Poyda was on the far end of campus on the other side of the Lake and past the Fraternity houses. As far away from the mainstream of college life as they could put us. Poyda B sat in the middle of Poyda A and Poyda C, both of which were all boys. I don't know whose decision it was or the reasoning behind it that if the school must keep up with the times they had to allow the men and women to live in the same dorms. But in retrospect the choice for the women infiltrating the men , allowing them two floors of four surrounded by eight more of men only and isolating them away on the far reach of campus, seems like a recipe for disaster.
It wasn't. I was one of the women in Poyda B. So I know. What it did serve to do was create a bond between the women. We were not Sorority girls. We thought we were too cool for a Sorority. But in truth we were as close and as inseparable as any Sorority could be. We were in the co-ed dorm which made us feel like trailblazers. We were women who were going to go out and make a difference.
Then life happens and you lose track of each other. You stay in touch with a friend here and there and you wonder what happened to everyone else. But now we have Facebook. You can find out. You can meet again. Which is how we get to the reunion of six that occurred recently on the Upper West Side of Manhattan.
I was in charge of logistics. Which kept my mind off the inevitable question. Would we all get along? Would the conversation be as easy it always had been? Would I revert to my college age self and suddenly become the shy version of me, the insecure education major?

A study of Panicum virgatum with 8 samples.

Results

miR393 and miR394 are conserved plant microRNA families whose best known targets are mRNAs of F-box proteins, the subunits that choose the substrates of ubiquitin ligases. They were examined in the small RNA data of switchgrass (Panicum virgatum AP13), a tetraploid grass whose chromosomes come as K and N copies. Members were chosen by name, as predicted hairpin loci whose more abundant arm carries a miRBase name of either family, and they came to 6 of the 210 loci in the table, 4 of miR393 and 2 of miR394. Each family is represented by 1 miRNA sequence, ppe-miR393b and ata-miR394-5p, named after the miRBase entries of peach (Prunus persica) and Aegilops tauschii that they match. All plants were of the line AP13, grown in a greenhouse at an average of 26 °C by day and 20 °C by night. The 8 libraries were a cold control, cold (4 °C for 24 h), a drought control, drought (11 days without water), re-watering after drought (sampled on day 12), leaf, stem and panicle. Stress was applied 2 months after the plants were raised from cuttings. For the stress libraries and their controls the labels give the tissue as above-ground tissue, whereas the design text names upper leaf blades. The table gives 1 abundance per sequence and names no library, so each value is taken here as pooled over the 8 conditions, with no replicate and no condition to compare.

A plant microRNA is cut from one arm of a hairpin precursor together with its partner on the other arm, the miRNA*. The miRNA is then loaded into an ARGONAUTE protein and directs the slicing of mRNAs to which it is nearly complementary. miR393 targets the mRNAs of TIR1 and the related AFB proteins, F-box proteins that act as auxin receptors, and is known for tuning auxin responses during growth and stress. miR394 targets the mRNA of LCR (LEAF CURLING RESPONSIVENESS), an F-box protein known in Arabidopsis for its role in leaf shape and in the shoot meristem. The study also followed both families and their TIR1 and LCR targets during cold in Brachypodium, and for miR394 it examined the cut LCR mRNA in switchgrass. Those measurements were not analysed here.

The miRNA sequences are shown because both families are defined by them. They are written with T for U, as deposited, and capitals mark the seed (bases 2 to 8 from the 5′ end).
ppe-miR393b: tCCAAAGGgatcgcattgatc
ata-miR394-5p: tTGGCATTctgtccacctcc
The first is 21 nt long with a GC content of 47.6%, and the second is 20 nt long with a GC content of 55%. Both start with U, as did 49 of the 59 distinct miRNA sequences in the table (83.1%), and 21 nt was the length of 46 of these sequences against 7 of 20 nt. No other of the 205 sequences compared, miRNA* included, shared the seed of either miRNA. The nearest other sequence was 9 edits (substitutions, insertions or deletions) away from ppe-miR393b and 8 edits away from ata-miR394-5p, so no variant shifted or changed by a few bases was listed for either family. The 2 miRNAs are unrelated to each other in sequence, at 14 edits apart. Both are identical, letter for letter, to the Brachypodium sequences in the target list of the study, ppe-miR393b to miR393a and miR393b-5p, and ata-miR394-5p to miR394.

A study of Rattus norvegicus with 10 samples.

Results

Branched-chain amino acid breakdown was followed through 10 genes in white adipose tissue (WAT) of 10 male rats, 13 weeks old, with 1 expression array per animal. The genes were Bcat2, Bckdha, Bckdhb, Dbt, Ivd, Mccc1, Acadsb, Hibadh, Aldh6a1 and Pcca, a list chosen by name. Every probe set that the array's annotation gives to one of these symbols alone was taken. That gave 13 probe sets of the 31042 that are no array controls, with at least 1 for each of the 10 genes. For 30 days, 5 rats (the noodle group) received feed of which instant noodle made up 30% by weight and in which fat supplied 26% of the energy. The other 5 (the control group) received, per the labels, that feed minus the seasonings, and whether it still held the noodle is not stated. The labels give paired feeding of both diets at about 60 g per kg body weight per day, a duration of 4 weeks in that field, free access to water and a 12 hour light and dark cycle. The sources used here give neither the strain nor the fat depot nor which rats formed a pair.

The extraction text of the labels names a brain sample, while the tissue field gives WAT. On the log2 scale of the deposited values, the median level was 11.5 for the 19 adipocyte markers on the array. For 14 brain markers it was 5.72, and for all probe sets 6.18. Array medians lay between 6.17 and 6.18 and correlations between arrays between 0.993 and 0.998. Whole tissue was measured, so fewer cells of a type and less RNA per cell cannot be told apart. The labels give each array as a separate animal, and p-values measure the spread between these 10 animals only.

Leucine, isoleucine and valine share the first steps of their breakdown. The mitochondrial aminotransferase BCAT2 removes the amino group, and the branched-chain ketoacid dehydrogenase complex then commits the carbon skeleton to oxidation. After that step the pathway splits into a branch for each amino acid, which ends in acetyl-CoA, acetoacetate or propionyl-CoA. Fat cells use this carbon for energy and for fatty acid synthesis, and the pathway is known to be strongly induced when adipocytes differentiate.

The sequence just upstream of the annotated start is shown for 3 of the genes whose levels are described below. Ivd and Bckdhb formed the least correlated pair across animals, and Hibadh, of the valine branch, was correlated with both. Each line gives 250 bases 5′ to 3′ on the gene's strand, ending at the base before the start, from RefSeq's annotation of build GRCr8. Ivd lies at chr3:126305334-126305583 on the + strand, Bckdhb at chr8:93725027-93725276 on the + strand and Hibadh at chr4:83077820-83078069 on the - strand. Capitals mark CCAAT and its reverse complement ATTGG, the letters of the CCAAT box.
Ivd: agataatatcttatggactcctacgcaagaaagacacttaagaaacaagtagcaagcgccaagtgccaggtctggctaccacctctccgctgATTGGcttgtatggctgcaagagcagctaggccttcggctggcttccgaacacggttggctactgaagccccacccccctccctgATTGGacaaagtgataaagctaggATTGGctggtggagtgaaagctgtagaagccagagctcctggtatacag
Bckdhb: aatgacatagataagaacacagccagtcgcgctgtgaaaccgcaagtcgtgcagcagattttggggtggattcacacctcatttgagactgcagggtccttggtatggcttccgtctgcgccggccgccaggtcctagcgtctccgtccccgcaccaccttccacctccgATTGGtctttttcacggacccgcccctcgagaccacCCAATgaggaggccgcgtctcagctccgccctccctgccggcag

Turns out it was easy. But that happens with friends you have from before you officially became an adult. They know a side of you that no one else will ever see. The one unblemished by the choices you made along the way, the good ones and the not so good ones. The one that didn't really believe you would ever hit a bump in the road that life would force you to navigate. You became friends not because you choose the same careers, or go to the same yoga class, or you met at your kid's soccer game. You became friends because you could. They are part of that group of people in your life who knew you before you really knew you.
Plus we might have been out of practice but we were used to just being with each other. When hanging out together did not mean going to some event but it really meant hanging out. Doing nothing. Sitting in someone's dorm room, sunning by the lake or lounging long after a meal was over in the cafeteria.
Hanging out then was different. There were no cell phones or PDAs to distract. We didn't have our own personal computers, we had typewriters. Someone how we women managed to get along and communicate with the outside world with one pay telephone at the end of the hall that everyone took turns answering. If you had a message, someone wrote it on the white board that hung on everyone's front door. There was no technology to aide our connection. We were left to our own internal devices.
I had a moment as we sat at the large round table in the corner of Ed's Chowder House. A lot had changed but it was all the same. Rider is no longer a college but a University. We were older but I could see our younger selves. We had our Blackberries and IPhone within easy reach but we all could remember the relative ease of our lives without them. We were lingering after a nice meal in a pretty Lincoln Center restaurant but I could see us all sitting at one of those long tables in the cafeteria digesting barely edible food. Talking and laughing. We were older versions of ourselves but we were still us. The Girls From Poyda B.